Type of Document Dissertation Author Graunke, Connie Washburn URN etd-03302005-181631 Title The Perceptions, Behaviors, and Experiences of Extended Persisters in the Florida Community College System Degree Doctor of Education Department Educational Leadership and Policy Studies, Department of Advisory Committee
Advisor Name Title Beverly Bower Committee Chair Joseph C. Beckham Committee Member Ralph Brower Committee Member Robert Schwartz Committee Member Keywords
- Excess Hours
- Time to Degree
- Credit Hours to Degree
Date of Defense 2005-02-23 Availability unrestricted AbstractThe purpose of this study was to explore the perceptions, behaviors, and experiences of student who persisted in the Florida Community College system and accumulated credit hours beyond those required for graduation. The study was a theory-guided study utilizing qualitative methods associated with orientational qualitative inquiry, intended to clarify and elucidate Bean’s Theory of Student Attrition. The data collection consisted of interviewing 18 students using a semi-structured interviewed based on variables derived from Bean’s theory. The purposeful sample of respondents was selected from students who had earned an A.A. degree and accumulated excess hours. The excess hours ranged from 5 to 212 beyond the 60 required for an associate in arts degree. The sample was further striated by the size of the community colleges from which the students were selected.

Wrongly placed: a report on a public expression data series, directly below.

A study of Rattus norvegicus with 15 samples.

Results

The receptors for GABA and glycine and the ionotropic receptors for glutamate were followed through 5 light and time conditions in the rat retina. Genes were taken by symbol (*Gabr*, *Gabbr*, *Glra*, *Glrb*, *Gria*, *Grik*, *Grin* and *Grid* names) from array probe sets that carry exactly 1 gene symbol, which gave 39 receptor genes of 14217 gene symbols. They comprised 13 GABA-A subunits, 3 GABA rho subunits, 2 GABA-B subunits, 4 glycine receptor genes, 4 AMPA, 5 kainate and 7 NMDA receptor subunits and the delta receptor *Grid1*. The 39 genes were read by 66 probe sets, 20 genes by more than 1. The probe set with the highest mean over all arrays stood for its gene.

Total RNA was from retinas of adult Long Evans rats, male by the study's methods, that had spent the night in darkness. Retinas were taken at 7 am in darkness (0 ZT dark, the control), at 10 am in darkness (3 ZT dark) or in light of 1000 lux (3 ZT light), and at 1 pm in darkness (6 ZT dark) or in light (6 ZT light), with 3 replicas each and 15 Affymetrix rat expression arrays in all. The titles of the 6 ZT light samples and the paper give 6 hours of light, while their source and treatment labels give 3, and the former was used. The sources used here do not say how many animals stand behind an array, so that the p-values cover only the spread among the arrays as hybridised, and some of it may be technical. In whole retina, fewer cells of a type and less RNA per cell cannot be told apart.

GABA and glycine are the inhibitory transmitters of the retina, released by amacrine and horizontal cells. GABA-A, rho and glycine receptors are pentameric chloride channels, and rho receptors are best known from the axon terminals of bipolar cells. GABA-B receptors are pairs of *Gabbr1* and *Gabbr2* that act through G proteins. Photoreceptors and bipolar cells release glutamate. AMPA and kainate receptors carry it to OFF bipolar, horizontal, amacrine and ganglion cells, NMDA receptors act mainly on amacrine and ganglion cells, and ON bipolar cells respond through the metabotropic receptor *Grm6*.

A cross-case analysis was done using the constant comparative analysis of data. The analysis found little difference among the respondents from different size community colleges. However, significant differences were found when a cross-case analysis was made based on the number of accumulated excess hours.
Family background was found to be a significant factor in influencing the accumulation of excess hours, in that students who expressed that they were “expected to go on to college” by their families were more strongly goal directed and as a consequence earned fewer excess hours. Students that had family responsibilities also tended to stop out, withdraw, and fail courses more due to those responsibilities than students who did not have families. Finally, two other themes emerged as major findings that contributed to the accumulation of excess hours: Changing majors and earning more than one degree. The students that changed majors more often had the greatest number of excess hours. In addition, some students whose ultimate goal was a bachelors degree, would first complete an associate in science degree to provide them with employment options and then go back and complete an associate in arts in order to transfer into a bachelor program, thereby accumulating excess hours. The major variables that influenced the accumulation of excess hours were: strong goal commitment, family responsibilities, major certainty and earning more than one degree.